October 22, 2016: President Obama Hosts A BET Block Party On The South Lawn
A few days after the Frank Ocean-attended state dinner, President Obama hosted what was probably the craziest White House party in American history. BET’s “Love and Happiness” event was hosted on the South Lawn, and attended by the likes of Usher, Questlove, Janelle Monae, Dave Chappelle, De La Soul, Bell Biv Devoe, Jill Scott, Michelle Williams and Common. Check out this video below to understand the kind of party it was.
The event was made into a televised event on BET, and will forever live grandly in the FOMO Hall Of Fame.
To understand the impact of this event, we'll let Dave Chappelle do the talking, who discussed what it mean to him during his opening monologue for Saturday Night Live, the first episode following Donald Trump's victory. Here's what he said:
"You know, before I go, I do want to say one thing, and this is not a joke. But I think it’s important that I say this, ’cause they’re marching up the street right now as we speak.
A few weeks ago I went to the White House for a party. It was the first time I’ve been there in many years and it was very exciting. And BET sponsored the party, so everyone there was black. And it was beautiful. I walked through the gates — you know, I’m from Washington, so I saw the bus stop, or the corner where the bus stop used to be, where I used to catch the bus to school and dream about nights like tonight.
It was a really, really beautiful night. At the end of the night everyone went into the West Wing of the White House and it was a huge party. And everybody in there was black — except for Bradley Cooper, for some reason.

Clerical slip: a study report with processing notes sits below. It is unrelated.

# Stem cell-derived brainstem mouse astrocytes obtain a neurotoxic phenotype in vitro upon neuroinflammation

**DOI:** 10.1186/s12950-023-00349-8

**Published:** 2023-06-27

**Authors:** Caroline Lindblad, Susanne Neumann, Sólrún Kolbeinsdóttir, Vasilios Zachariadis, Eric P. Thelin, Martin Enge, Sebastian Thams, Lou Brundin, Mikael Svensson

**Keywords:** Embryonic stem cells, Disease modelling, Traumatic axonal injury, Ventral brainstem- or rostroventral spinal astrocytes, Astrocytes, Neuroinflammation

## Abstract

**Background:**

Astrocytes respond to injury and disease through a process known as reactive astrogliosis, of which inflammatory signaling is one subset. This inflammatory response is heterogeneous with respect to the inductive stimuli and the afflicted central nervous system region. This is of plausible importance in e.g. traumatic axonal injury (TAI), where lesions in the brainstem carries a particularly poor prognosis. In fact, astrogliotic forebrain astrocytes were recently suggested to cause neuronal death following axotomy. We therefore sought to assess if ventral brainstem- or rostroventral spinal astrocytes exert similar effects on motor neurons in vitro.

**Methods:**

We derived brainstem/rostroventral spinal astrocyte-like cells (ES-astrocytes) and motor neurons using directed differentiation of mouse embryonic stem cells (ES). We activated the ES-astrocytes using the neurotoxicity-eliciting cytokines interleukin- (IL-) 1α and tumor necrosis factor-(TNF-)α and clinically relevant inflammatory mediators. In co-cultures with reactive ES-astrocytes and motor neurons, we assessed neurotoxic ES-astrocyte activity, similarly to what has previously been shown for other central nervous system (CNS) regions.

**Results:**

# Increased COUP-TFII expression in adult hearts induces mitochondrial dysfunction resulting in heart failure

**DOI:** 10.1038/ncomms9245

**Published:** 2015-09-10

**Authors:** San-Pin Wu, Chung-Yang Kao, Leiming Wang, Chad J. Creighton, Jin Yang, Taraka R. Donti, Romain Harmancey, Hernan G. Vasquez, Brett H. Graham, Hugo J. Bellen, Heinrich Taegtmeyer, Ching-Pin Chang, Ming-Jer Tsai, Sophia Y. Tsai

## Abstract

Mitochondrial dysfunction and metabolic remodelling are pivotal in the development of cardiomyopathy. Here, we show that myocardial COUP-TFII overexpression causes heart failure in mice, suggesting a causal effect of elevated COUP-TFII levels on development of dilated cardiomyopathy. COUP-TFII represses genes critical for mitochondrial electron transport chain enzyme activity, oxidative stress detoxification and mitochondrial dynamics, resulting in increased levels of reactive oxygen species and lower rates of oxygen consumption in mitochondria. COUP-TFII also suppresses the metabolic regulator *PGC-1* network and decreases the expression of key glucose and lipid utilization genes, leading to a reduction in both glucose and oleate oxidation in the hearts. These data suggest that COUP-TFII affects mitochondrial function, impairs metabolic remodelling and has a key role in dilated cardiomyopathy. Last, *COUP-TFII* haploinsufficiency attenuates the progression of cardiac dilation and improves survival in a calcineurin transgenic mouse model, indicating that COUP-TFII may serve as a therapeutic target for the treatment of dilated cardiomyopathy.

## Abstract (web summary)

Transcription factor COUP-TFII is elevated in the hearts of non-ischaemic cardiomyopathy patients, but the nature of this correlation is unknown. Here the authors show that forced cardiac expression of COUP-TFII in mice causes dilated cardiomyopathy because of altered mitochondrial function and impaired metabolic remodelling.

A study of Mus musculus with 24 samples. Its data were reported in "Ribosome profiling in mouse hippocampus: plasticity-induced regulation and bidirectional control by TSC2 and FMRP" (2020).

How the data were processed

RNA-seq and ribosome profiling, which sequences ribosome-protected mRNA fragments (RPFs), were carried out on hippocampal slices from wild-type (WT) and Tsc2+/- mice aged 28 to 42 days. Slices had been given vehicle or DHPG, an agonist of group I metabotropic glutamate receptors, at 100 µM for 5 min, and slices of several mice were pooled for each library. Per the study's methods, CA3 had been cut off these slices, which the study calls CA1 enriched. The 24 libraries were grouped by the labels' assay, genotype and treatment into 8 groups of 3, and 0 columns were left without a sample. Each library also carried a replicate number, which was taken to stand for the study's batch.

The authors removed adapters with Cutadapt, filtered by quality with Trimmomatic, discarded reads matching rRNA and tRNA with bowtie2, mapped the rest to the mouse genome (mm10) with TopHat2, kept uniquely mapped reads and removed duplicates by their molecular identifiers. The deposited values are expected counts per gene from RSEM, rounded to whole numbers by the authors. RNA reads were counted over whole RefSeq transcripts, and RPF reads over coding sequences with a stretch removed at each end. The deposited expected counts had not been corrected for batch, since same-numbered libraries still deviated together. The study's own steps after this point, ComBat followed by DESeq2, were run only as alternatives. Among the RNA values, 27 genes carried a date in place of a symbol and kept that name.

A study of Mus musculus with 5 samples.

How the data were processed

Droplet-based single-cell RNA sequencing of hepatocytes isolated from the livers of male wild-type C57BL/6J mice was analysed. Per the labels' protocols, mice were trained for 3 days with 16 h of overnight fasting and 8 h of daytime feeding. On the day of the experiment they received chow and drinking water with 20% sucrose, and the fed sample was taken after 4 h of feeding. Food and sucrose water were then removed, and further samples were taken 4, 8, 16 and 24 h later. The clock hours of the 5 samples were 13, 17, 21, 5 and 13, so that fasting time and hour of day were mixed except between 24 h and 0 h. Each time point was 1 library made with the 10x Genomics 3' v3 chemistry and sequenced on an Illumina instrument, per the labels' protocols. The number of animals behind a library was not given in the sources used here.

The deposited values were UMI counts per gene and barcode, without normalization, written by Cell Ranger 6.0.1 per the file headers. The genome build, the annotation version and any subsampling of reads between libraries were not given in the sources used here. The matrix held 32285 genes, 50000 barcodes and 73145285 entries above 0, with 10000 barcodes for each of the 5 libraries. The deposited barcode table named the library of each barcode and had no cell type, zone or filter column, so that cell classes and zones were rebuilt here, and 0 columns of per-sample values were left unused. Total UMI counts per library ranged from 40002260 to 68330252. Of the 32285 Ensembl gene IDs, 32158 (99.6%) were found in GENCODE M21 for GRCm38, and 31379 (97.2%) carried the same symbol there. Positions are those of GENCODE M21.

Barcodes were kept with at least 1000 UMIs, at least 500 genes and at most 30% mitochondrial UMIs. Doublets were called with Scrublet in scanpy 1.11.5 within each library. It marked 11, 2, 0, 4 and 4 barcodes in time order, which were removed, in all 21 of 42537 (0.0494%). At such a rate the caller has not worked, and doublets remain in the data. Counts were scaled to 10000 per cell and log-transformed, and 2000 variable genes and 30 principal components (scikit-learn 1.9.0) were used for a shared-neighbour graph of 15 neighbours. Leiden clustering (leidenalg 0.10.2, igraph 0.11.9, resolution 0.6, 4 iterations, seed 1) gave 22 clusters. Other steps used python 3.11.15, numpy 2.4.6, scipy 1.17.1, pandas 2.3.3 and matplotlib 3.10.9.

And on the walls were pictures of all the presidents, of the past. Now, I’m not sure if this is true, but to my knowledge the first black person that was officially invited to the White House was Frederick Douglass. They stopped him at the gates. Abraham Lincoln had to walk out himself and escort Frederick Douglass into the White House, and it didn’t happen again, as far as I know, until Roosevelt was president. Roosevelt was president, he had a black guy over and got so much flack from the media that he literally said, 'I will never have a nigger in this house again.'
I thought about that, and I looked at that black room, and saw all those black faces, and Bradley, and I saw how happy everybody was. These people who had been historically disenfranchised. It made me feel hopeful and it made me feel proud to be an American and it made me very happy about the prospects of our country.
So, in that spirit, I’m wishing Donald Trump luck. And I’m going to give him a chance, and we, the historically disenfranchised, demand that he give us one too."
President Obama will be missed, but something tells us that as the shit hits the fan probably on day one of the Trump administration, the first African-American Commander-In-Chief will still be around, fighting for his country. Hip-hop ya don't stop.